Laser micromachining encompasses many processes including laser cutting, laser drilling, laser ablation, laser scribing, laser texturing as well as advanced laser machining processes.
Laser micromachining has some very specific processing requirements, including quality, dimensional accuracy, debris management, and the thermal impact of the process on the part. In general, “advanced laser micromachining” means creating feature sizes of less than 1 millimeter (0.04"mm) and in many cases much smaller. The micromachining umbrella includes cutting, drilling, scribing, ablation, and texturing processes, each of which requires material removal. There is a wide range of materials that can be machined including polymers, metals, ceramics, glasses as well as parts with multi layers of different materials. Advanced laser micromachining processes covers machining blind non-thickness penetrating features such as grooves, pockets, holes with in some cases a control of the cross section of the geometry as well as the basic width and depth dimensions. The non-contact nature of the laser provides an excellent tool that can machine mechanically delicate parts without the application of force. With spot sizes down to less than 10 microns, highly accurate and small features are possible with extreme control over how much material is removed, down to the micron level.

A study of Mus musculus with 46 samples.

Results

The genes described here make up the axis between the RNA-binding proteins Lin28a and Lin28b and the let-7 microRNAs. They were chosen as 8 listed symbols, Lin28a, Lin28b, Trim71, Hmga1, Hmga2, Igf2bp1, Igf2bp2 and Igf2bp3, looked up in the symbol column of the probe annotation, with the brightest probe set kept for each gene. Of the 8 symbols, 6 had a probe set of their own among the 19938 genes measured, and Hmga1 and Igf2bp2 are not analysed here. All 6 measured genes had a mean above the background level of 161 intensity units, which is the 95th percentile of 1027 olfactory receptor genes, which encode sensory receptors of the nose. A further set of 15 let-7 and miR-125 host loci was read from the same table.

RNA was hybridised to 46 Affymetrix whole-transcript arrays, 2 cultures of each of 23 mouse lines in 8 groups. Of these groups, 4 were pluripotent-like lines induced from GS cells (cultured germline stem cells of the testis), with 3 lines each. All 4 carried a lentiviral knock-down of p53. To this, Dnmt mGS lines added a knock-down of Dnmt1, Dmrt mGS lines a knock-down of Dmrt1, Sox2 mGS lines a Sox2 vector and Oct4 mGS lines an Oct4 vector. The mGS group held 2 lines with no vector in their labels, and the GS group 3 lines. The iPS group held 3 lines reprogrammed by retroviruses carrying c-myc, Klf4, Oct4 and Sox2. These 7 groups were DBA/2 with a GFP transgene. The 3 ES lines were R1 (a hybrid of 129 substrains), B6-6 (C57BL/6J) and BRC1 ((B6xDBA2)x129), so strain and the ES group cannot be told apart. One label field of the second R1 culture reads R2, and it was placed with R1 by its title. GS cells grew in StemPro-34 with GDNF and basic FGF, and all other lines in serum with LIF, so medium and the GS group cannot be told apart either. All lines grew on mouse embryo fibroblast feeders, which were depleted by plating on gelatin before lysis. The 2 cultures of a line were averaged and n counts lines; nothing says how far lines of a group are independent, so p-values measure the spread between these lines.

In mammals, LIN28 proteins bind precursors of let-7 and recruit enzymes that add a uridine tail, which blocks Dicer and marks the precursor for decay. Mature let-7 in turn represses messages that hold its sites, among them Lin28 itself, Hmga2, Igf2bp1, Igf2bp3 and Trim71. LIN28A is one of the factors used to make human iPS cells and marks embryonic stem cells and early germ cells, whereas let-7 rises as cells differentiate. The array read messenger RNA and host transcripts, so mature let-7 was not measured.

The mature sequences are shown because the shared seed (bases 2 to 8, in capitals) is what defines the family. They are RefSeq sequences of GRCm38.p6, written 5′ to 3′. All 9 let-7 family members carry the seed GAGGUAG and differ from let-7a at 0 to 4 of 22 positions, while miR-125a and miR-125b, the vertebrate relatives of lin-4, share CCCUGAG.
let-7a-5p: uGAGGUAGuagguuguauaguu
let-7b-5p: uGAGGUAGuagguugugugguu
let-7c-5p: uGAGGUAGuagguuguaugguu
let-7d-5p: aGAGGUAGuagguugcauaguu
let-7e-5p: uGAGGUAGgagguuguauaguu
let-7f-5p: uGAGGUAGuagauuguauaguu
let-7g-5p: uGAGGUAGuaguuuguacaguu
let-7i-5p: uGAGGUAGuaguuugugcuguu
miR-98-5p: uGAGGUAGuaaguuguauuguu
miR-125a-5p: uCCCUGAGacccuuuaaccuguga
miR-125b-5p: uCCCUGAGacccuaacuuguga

Advanced laser micromachining processes use lasers that operate in “pulsed mode,” so the optical energy is delivered to the material by discrete pulses that have a certain time duration, frequency (repetition rate) and power level.
Amada Miyachi has many lasers in our laser toolbox including microsecond, nanosecond, picosecond and femtosecond lasers with wavelengths from 10604nm to 355nm each with different process capabilities to align to specific application and production needs. Custom laser micromachining systems using these lasers can be paired with many motion configurations of stage and scan heads to enable processing of a wide variety of components and feature geometries for industries including medical, aerospace, electronics and automotive.